On Wednesday, after the tie vote in the Senate Judiciary Committee on February 27, SB 250 remains stuck in that committee. It is still alive, but won’t move unless Tennesseans mobilize to get it dislodged for a second committee vote.
The leading arguement in opposition to SB250, for which the committee meeting was delayed, was for an opinion from the State’s Attorney General. See citings from the Attorney General in the link to his opinion.
“Tennessee lacks authority to render them ineffective within its borders, for the States are not “free to nullify for their own people the legislative decisions that Congress has made on behalf of all the People.” While the Bills themselves declare that certain federal firearms regulations are unconstitutional as, for example, by exceeding the scope of the commerce power, see SB250 § 2, the responsibility for that determination rests with the judiciary, not a state legislature. Absent such a judicial determination—and SB250 lists “judicial opinions” among the “federal action” that it proscribes, SB § 1—federal law is effective in Tennessee. “If the legislatures of the several states may, at will, annul the judgments of the courts of the United States, and destroy the rights acquired under those judgments, the constitution itself becomes a solemn mockery . . . .” “No state legislator or executive or judicial officer can war against the Constitution without violating his undertaking to support it”. Nor may a state legislature accomplish the nullification of federal firearms regulation indirectly, either by criminalizing the activities of federal officers or by criminalizing actions of state citizens, such as firearm dealers, who have enforcement obligations under federal law, since to do so would make compliance with both federal and state regulations impossible. In either instance, the Bills’ provisions would directly threaten to frustrate federal policy objectives and to impair the ability of federal actors to carry them out. Consequently, the Bills violate the Supremacy Clause of the United States Constitution.”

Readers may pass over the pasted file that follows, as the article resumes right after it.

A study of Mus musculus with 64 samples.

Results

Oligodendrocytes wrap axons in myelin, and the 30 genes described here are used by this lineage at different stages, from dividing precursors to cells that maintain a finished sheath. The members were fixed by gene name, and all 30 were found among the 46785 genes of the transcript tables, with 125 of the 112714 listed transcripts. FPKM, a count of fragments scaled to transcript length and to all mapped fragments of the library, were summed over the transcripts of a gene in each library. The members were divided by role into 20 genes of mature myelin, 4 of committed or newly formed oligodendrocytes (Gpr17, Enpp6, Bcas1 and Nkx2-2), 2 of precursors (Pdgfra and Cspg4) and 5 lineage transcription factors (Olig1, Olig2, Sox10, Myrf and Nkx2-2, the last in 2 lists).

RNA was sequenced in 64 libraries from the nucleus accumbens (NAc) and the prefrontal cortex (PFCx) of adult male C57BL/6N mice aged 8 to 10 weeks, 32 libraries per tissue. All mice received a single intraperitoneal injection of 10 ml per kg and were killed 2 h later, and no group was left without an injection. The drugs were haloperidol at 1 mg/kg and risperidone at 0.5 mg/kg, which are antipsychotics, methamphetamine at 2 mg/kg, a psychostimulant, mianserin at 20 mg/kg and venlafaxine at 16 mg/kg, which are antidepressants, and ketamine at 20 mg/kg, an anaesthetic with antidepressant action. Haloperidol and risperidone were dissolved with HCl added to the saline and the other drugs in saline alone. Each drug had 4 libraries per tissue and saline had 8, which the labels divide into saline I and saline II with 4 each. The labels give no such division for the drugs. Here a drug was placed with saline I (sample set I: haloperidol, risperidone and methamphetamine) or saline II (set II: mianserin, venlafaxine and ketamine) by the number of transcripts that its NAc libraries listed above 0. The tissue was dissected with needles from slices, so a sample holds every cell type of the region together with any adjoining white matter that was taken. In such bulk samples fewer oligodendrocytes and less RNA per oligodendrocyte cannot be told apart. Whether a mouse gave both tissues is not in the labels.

There are two key votes to bringing the bill up for a second vote. One is Sen. John Stevens. He was one of the “nay” votes on the bill, but we need to pressure him specifically to support bringing the bill for a second vote. The second is Senator Lowe Finney. He was also one of the no votes.
Please contact him now to encourage him to support a second vote on SB 250, as well as to change his vote to “yea.” Phone calls will have much more impact than emails, but do both if you can. Remember to be polite but firm in your communications with Sen. Stevens’ office.
Sen. John Stevens: Republican, District 24 310A WMB, (615) 741-4576, email@example.com
Sen. Lowe Finney, Democrat, D-Jackson District 27 — Madison, Crockett, Dyer, Lake and Lauderdale Counties Phone (615) 741-1810 firstname.lastname@example.org
Editor’s note: Sen. Finney voted no on all points while hiding by the skirts of the governor’s office, there by refusing to defend the constitutional right of states as well as the 2nd amendment.
For the Senate vote and discussion view Tennessee Senate Judiciary Committee hearing of SB 250 on February 27, 2013 in order to see Senator Finney’s and Senator Steven’s comments.
* Kelli Sladick is originally from Ohio. She is a veteran of the US Navy and holds two undergraduate and one graduate degree. Her current home is Nashville, Tennessee. She contributed to this report.